The New York Times reports that genetically altered T cells have been successfully deployed to fight chronic lymphoblastic leukemia (CLL).   

It could reasonably be imagined that cancer is nothing more than a defect in the immune system.  It is assumed that everyone occasionally grows rogue, potentially-cancerous cells, but that these are routinely recognized as such by the immune system, and targeted for destruction.  When a cancer cell takes hold and begins multiplying, it means the cell has successfully evaded the immune system’s defenses.   Perhaps the cell is especially clever at shielding its nefarious intent from the roving immune system warriors, the T cells, that destroy or tag for destruction cells infected with viruses.  Viruses operate very much like cancer cells, hijacking the intracellular replication machinery, and modifying the DNA so that the cell forgoes whatever is its normal function for the purpose of making viral copies.  Cancer cells also have rearranged stretches of DNA, particularly in the areas that code for apoptosis (cell death), which is why cancer is so deadly to its host body.  A cancer cell is the only extant evidence that it is at least genetically possible for a cell to live forever.   Gather enough of them together, and they’ll finally die, but only for having killed their source of sustenance.  Sort of like humans infecting the planet. 

Scientists have now successfully (in two out of three tries) altered patients’ T cells so that they will do to cancerous cells what they naturally do to virus-infected cells.  Using defanged HIV viruses to deliver genetic alterations to a patient’s T cells, scientists made them into cancer killers for the particular cancer involved (CLL).  After promoting multiplication among this genetically altered colony of T cells, they re-infused them into the patients, and the T cells proved able to seek out and destroy the cancerous cells.  Thus the therapy works in principle, but there are some caveats.

First, CLL is a cancer of the B cells.  B cells are one weapon, but a very important one, in the immune system arsenal that is employed to fight infection.  The B cell’s main job is to produce antibodies that tag the surface of an invading cell for destruction.  Without B cells and the antibodies they produce, the body is more susceptible to infection, particularly of the bacterial variety.  The genetically reprogrammed T cells in the study were programmed to kill all B cells, not just the cancerous variety, and if the treatment works, would continue to do so for the rest of the patient’s life.  After infection-fighting (which is what the T cells were programmed to believe they were doing) subsides, a certain subset of T cells will hang around indefinitely as “memory” cells in case the infectious agent returns.  This is why, for instance, vaccines work for several years, sometimes for life, in imparting immunity to a disease.   Thus the patients with these altered T cells will basically never again have B cells, which is not necessarily deadly, but means they will always face a greater risk of suffering a deadly infection.  CLL is also a deadly infection of sorts, but more predictably so than some ephemeral possibility of a deadly infection that comes with B cell depletion, so perhaps the bargain is worthwhile.   

The other problem is applying this sort of therapy to other, non-B cell cancers.  B cells are unique little creatures.  They have (along with T cells) the ability to rearrange their own DNA to best configure themselves to fight pathogens.  They also have unique cell surface markers, that at least one chemotherapy drug (Rituxan) has been developed to exploit, much in the same manner as this T cell therapy.  Rituxan is a monoclonal antibody that attaches to a cell-surface marker unique to B cells, targeting the cell for destruction by T cells and other immune system agents. It, too, kills all the B cells, but does so only until the antibodies are used up or filtered away by the liver or kidneys.  Though produced in a culture in much the same manner as the altered T cells were grown after alteration, it is not a complete living cell, capable of independent reproduction inside the body.  It is probably the case that the CLL patients upon whom this therapy was tried had already used Rituxan to the limits of its capabilities.   Rituxan is used for a number of B cell-mediated problems, including lymphomas, post-transplant lymphoproliferative disorder and certain autoimmune diseases.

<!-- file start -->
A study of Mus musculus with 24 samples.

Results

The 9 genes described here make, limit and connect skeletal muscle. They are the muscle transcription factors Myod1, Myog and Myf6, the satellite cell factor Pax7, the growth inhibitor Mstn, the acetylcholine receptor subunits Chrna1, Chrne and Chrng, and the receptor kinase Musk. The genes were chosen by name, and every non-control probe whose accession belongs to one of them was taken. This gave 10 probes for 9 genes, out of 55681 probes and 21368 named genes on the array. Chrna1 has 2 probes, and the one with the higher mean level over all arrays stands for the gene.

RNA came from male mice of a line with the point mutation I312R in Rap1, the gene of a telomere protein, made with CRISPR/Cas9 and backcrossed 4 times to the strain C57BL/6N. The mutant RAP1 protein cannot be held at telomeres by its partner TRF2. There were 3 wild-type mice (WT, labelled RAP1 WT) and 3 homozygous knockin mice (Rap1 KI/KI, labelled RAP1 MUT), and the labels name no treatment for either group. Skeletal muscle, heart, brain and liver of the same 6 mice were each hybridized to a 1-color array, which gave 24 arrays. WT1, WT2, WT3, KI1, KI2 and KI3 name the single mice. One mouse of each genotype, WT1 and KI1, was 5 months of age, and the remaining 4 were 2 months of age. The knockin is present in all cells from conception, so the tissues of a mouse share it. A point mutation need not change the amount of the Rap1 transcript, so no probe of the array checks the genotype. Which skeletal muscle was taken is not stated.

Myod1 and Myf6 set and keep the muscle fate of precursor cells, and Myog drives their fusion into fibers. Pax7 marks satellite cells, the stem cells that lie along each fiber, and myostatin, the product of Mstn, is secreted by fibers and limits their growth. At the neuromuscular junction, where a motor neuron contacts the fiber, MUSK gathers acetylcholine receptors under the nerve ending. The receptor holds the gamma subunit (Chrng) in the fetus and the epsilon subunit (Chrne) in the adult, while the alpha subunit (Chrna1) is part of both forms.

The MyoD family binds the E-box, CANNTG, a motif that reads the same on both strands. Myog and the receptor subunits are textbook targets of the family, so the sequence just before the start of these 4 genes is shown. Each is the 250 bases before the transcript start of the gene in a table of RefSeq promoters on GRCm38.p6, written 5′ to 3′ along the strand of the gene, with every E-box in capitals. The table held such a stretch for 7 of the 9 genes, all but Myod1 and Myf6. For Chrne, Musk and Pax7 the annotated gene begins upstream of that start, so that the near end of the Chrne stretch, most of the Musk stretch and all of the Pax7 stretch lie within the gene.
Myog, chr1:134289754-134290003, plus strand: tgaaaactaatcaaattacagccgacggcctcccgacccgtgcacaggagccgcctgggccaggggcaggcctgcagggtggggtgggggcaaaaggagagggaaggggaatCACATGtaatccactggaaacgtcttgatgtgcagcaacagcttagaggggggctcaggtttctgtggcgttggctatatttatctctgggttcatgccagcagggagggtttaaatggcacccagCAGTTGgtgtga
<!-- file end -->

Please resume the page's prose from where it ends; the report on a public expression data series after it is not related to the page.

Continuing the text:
Other cancers, and tissues in the bodies, don’t have such a unique marking system as do B cells, so identifying the proper marker to identify cells for destruction could be a lot trickier with cells other than B cells.  Presumably this is why only one monoclonal antibody of Rituxan’s type has thus far been successfully developed, and is also why figuring a way to make T cells into, for example, pancreatic or lung cancer fighters, is apt to be a great deal more complicated than this partially successful experiment might imply. 

The one patient whose personal story was highlighted in the article, and for whom the therapy has thus far provided a complete remission, said his doctor offered some profound advice once it appeared the experiment had worked:

“She said, ‘We don’t know how long it’s going to last. Enjoy every day,’ ” Mr. Ludwig recalled.

“That’s what we’ve done ever since.”

That seems to be pretty good advice, no matter whether one has had cancer or not, no matter whether a cancer therapy has proved successful or not.   No doctor has ever saved a life.  Mr. Ludwig, like all other patients treated by doctors in all times and all places, will one day die.  Why does it take a close brush with death to understand that one’s days are limited?  A matter for another post.